Arizona's Africans Wonder What Immigration Law Means For Them

Protesters demonstrate against Arizona's new immigration laws at a rally in Phoenix on May 29, 2010.
Protesters demonstrate against Arizona's new immigration laws at a rally in Phoenix on May 29, 2010. Mark Ralston/Getty Images

Though their numbers are small, many Africans in the state worry that they will be singled out.

A small, but rapidly growing, community of African immigrants has its own concerns about Arizona's controversial immigration law. And organizations that assist the community face their own challenges of how to educate their members about their rights.

The majority of this primarily East African community entered the United States as refugees. The total population of Africans in the United States increased 40-fold between 1960 and 2006, with most of the growth coming after 1990 (as violence grew in the region). That influx is reflected in Arizona as well -- Africans now comprise about 2.6 percent of the state's  foreign-born population, more than twice the percentage in 1990. (For more background on Africans in Arizona, read this series at Phxsoul.com.)

Arizona's new law will go into effect later this month -- unless stopped by a preliminary injunction. It requires law enforcement officials to ask for documentation if, after they have lawfully stopped someone, there is "reasonable suspicion" that the person is in the country illegally. Officers "may not solely consider race, color or national origin" to determine suspicion.

Mursal Ali, who helps with immigration services for the Somali Bantu Association of Tuscon, says that while most Africans in Arizona have documentation, there are exceptions.

Most Africans enter the United States on a refugee visa and have one year from arrival to apply for permanent residency. Ali says that some never actually applied for a Green Card, and some of those who did have lost their cards. Others cannot afford the $390 application fee.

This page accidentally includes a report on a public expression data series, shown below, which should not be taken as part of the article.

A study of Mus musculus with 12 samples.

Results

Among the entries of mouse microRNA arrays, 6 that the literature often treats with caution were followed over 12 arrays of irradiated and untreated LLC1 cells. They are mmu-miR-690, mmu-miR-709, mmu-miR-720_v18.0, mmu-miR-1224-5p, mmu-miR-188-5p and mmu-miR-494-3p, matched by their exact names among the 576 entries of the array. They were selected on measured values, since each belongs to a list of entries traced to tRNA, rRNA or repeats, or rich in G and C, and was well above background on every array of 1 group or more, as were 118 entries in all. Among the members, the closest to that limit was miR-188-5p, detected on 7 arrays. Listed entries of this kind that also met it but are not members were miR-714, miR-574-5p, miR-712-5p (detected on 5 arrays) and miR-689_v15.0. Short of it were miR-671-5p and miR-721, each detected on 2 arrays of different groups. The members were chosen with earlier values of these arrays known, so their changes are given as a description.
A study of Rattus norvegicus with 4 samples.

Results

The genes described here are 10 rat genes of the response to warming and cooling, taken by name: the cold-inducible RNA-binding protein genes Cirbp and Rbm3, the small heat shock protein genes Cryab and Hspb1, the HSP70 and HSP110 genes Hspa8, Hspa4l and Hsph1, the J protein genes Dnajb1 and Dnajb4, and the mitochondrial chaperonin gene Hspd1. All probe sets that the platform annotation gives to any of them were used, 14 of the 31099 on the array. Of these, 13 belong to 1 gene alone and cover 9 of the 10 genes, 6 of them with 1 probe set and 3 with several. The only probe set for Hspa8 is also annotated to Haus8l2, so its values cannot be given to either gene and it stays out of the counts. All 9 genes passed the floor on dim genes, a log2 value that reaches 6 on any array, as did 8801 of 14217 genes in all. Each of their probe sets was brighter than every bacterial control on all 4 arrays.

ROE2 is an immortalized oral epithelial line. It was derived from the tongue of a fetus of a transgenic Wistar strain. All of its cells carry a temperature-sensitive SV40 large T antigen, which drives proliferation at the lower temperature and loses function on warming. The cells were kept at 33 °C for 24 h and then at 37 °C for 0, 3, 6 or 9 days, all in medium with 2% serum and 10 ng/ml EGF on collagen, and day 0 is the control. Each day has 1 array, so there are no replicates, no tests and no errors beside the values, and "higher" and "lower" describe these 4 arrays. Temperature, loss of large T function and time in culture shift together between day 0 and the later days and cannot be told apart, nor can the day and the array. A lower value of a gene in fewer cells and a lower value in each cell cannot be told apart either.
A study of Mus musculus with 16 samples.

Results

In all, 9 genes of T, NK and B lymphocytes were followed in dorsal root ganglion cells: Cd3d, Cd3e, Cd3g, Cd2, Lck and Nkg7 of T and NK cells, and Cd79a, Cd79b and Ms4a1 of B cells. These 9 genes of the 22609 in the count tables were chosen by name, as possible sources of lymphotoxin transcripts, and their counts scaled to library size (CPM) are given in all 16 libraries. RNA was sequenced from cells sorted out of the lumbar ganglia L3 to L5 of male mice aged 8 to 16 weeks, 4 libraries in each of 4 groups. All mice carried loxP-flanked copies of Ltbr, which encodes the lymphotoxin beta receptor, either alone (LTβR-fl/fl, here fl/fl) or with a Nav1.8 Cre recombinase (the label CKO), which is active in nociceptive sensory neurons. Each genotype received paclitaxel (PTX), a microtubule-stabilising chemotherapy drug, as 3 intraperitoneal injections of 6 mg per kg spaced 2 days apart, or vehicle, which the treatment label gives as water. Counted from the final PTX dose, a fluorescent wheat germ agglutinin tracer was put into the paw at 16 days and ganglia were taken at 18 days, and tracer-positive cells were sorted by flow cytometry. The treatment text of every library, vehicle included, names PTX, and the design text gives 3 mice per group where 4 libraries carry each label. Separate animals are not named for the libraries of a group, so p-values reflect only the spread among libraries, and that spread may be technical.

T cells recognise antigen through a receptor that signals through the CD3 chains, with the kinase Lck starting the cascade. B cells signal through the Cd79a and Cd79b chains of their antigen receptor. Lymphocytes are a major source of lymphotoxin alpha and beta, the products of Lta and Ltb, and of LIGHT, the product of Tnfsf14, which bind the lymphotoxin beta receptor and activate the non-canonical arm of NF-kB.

A number of the organization's members are now going through the process to apply for permanent residency because of the changes in the law, a process that Ali says can take about four to five months. In the meantime, applicants get documentation proving they have started the process.

With or without paperwork, Africans have raised questions about how the law will impact them.

Ali says immigrants wonder what would happen if they were to call 911 in an emergency. Before, he said, if you were in a car accident, police only asked for a driver's license. "But now, if you need a police to help you, you have to prove that you are a legal immigrant," Ali believes.

That may be one example of the change in the law leading to a misconception. The Arizona Republic has been looking at hypothetical situations like that car accident scenario. In such a case as that, there generally would not be enough evidence to suspect the driver is in the country illegally -- even if he or she didn't have a driver's license to show.

At the Arizona Lost Boys Center, Executive Director Kuol Awan says members have been briefed on how to respond to police.

"We try to tell people that you don't have to react differently. Just give the police what they want," Awan says. He says he does not want the community, particularly young men, to get defensive about inquiries into their immigration status.

Though some African immigrants fear they may get swept up in the wide net of enforcement, Arizona State University Professor Matthew Whitaker says their presence is not always noticed by the larger Arizona community.

"To many folks in Arizona, Africa might as well be Neptune," Whitaker says. "It's just not on their radar screen."

The invisibility of the African community is partially due to its small size. But Whitaker says it also has to do with the fact that they tend to live in the same area, even in the same apartment complexes. Still, Whitaker says Africans could eventually draw more attention.

"If the percentages hold, and the immigration continues, and they continue to increase, that's going to be interesting," says Whitaker. "What you're going to hear from folks is, 'When did they get here?' "

(Dana Farrington is a Digital News intern with NPR.)